Making Knowledge Work

October 30, 2010

Making The King’s Fund Go Further

Filed under: Uncategorized — Tags: — virginiahenry @ 5:36 pm

LIKE 19 was as good as it promised to be.  The evening started with a relaxing drink with lots of lovely LIKE folk, and a quote from Louis Pasteur – “chance favors the prepared mind” – from our main speaker of the night, Ray Phillips.

Ray is the Head of Information Services at The King’s Fund, and has around 20 years’ experience in information work.  Before he got to The King’s Fund, he’d developed a certain wariness of vendors: he had wanted to upgrade a health service library system, been assured it would cost maybe £2,000-£3,000, and then been told by a smiling salesman that it would, in fact, be 4 or 5 times that much!  The guy even had the audacity to say “It does look a bit like we’ve got you by the balls, doesn’t it?”.

At The King’s Fund they needed more from their Unicorn library system than it was delivering.  They wanted to get away from using a fixed server  (stuck under a long-suffering member of the IT team’s desk) – maybe using Cloud . They needed modern functionality and user interfaces.  They wanted to integrate their library system with other services such as a new customer relation management system, and a proposed eLearning platform.  They wanted to be able to do seamless searches across the King’s Fund Website, and take advantage of RDF categorisation.  Not a wildly ambitious wish-list, but cost definitely was an issue.

Matthew Hale, the Online Services Librarian at The King’s Fund presented Ray with a paper that he and his talented team had put together.  In it they laid out the issues, options and opportunities.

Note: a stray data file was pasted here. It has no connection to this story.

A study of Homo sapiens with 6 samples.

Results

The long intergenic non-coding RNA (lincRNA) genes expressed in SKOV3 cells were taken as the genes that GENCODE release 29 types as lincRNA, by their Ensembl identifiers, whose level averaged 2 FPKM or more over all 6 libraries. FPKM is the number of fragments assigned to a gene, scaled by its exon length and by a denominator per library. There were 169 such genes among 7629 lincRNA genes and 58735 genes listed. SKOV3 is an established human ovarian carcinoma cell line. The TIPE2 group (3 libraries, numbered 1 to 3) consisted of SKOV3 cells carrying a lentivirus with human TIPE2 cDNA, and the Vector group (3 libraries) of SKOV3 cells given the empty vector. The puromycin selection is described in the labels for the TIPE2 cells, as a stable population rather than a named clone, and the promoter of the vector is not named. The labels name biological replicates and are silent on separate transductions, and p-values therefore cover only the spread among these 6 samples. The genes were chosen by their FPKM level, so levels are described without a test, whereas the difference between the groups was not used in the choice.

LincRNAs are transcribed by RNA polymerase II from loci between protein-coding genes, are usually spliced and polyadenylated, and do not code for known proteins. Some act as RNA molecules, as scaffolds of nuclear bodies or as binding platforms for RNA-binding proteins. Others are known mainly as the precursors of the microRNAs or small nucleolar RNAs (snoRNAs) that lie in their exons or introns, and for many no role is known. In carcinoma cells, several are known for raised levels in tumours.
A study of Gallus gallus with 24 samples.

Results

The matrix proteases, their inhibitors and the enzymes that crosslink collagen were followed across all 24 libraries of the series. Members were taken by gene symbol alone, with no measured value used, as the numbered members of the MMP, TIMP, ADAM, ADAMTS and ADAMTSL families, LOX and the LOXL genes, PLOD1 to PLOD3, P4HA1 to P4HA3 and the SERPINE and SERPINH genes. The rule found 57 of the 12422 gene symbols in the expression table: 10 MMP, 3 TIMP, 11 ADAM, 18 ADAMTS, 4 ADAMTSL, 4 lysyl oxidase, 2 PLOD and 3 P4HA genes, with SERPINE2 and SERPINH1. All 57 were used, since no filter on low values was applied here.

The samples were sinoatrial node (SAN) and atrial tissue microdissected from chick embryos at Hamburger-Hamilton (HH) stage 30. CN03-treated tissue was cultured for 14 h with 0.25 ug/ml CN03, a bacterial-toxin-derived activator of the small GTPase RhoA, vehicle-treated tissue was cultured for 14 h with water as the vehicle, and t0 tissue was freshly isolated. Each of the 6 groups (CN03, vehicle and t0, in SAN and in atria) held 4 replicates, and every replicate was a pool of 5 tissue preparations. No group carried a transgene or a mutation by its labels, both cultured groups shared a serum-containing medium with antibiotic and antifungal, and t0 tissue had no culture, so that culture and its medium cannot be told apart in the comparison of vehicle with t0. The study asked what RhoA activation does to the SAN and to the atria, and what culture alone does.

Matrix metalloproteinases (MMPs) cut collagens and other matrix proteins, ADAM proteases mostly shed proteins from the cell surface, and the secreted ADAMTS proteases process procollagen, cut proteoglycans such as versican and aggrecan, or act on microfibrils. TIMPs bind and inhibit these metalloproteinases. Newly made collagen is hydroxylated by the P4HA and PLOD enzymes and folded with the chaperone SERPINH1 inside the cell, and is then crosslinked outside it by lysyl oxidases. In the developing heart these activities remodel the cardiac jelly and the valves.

Koha looked attractive – for a number of reasons.  Its flexibility was one. The opportunities it would offer to Matt and his team to stretch their talents was another.  The notion that they could use a company they already had a relationship with – PTFS Europe to help train and support them was a third.  The fact that the Royal London Homeopathic Hospital had created a viable library from scratch, using Koha, was yet another. And the promise of a system that would engage The King’s Fund team’s brainpower, but wouldn’t burn through their budget was a very convincing fifth!

In fact, when the Director of Finance realised how much they could save by moving to open source things moved very quickly.  The decision to go with Koha was made in October 2009, work began in December and in January 2010 the system was up and running.

They love it! They’ve saved money; improved efficiency; got the integration they wanted and have a growing UK usership.  Of course it’s not all plain sailing – what system is?  But they’re confident that they have the talent and the (affordable) support to deal with any issues that arise.

Message to smug, high-cost vendors: when you tell a client you have them by the balls, be sure yours are protected by a metaphorical cricket box – you might just have ‘incentivised’ them to kick you.